The “moral capital” move
The “moral capital” move that I explored here showed up again in today’s Observer (article here). On page 25, Richard Harries, Bishop of Oxford, suggests that perhaps modern atheist do-gooders are nevertheless living off the moral capital built up by earlier religious generations (and when that capital finally runs out, then where will we be?!):
“…many people who have strong moral commitments without any religious foundation were shaped by parents or grandparents for whom morality and religion were fundamentally bound up. Moreover, many of those in the forefront of progressive political change, who have abandoned religion, have been driven by a humanism that has essentially been built up by our Christian heritage… How far are we living on moral capital?” (p.25)]
Harries credits Charles Taylor with making this point, though the U.S. neo-cons seem to have got there before him (see below). I have not read Taylor’s “magesterial” A Secular Age yet. Will do shortly. Anyone out there read it?
Earlier uses of the move
Daniel P. Moloney of First Things:
Religious people are the first to admit that many religious people sin often and boldly, and that atheists often act justly. They explain these ethical atheists by noting that when atheists reject the religion in which they have been raised, they tend to keep the morality while discarding its theological foundation. Their ethical behaviour is then derivative and parasitic, borrowing its conscience from a culture permeated by religion; it cannot survive if the surrounding religious culture is not sustained. In short, morality as we know it cannot be maintained without Judeo-Christian religion.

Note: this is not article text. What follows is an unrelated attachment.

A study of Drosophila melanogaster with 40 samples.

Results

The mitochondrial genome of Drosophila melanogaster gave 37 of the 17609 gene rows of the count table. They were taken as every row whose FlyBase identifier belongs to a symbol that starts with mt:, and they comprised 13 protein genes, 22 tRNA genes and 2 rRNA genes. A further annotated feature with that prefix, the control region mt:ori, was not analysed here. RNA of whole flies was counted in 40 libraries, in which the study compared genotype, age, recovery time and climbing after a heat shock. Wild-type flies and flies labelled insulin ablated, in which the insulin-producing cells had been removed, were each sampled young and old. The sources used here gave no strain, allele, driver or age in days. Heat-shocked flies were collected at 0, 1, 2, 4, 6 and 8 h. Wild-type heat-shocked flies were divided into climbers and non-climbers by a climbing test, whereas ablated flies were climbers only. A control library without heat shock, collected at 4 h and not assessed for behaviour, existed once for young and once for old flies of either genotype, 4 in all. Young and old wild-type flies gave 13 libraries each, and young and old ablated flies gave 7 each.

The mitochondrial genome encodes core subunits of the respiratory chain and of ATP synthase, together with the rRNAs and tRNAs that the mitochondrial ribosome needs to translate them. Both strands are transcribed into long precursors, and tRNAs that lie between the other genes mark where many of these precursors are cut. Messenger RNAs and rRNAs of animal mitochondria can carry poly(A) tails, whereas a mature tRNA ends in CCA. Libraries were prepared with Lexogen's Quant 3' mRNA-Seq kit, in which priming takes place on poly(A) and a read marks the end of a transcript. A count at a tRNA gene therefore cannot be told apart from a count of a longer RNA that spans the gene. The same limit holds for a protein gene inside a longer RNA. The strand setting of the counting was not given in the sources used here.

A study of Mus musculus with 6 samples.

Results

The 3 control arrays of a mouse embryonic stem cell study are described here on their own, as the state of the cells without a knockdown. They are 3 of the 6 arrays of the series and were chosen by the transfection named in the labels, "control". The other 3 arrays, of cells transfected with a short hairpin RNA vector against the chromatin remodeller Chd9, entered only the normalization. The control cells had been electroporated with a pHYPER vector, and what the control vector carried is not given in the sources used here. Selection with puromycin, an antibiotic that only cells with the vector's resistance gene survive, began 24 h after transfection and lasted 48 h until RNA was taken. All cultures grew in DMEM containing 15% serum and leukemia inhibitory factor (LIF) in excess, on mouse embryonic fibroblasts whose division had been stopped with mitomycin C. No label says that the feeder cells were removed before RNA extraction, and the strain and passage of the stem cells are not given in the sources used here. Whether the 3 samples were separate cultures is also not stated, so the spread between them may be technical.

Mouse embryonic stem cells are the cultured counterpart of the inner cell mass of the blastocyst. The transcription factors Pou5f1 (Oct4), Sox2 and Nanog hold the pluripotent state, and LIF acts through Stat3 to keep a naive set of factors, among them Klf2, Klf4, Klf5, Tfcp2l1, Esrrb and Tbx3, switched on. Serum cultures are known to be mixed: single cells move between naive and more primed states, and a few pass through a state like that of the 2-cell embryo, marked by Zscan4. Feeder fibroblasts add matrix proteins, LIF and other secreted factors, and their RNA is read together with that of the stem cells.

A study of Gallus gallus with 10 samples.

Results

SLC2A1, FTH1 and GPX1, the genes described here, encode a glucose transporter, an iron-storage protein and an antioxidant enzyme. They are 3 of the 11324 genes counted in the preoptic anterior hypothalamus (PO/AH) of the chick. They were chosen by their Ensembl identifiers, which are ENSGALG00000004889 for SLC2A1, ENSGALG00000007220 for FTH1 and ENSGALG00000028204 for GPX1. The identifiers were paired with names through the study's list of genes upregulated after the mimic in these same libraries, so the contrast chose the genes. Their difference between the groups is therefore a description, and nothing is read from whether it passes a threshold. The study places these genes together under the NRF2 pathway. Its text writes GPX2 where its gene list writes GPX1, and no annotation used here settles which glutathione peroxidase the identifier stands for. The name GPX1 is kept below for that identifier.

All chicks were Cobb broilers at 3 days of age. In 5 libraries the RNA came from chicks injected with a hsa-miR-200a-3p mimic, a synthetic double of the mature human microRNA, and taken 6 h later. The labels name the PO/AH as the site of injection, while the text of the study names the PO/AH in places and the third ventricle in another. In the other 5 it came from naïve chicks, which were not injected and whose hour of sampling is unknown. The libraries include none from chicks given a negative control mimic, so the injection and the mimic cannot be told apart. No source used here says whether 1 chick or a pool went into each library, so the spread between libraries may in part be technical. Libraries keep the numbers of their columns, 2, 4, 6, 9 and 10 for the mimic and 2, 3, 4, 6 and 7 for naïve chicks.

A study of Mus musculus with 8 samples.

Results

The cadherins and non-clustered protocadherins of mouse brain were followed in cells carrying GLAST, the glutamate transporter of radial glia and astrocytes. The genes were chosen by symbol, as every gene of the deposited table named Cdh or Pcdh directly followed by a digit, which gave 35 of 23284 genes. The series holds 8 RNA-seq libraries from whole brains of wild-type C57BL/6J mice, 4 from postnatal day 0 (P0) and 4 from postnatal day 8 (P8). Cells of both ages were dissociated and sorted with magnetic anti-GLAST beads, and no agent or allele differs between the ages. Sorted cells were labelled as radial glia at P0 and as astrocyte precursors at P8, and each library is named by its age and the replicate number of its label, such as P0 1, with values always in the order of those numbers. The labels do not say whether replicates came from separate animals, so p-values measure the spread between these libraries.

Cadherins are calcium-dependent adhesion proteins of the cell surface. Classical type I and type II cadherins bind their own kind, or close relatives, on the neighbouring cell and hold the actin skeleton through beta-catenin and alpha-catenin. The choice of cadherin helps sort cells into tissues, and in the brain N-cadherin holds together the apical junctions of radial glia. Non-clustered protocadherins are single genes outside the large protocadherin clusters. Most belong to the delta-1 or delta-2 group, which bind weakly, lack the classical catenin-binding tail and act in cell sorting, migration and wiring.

Irving Kristol (so-called “Godfather” of neoconservativism) agrees:
For well over 150 years now, social critics have been warning us that bourgeoise society was living off the accumulated moral capital of traditional religion and traditional moral philosophy.
Gertrude Himmelfarb (who, incidentally, is married to Kristol) also favours the view that we are
…living off the religious capital of a previous generation and that that capital is being perilously depleted.
So too does Ronald Reagan’s Supreme Court nominee Judge Robert K. Bork:
We all know persons without religious belief who nevertheless display all the virtues we associate with religious teaching…such people are living on the moral capital of prior religious generations… that moral capital will be used up eventually, having nothing to replenish it, and we will see a culture such as the one we are entering.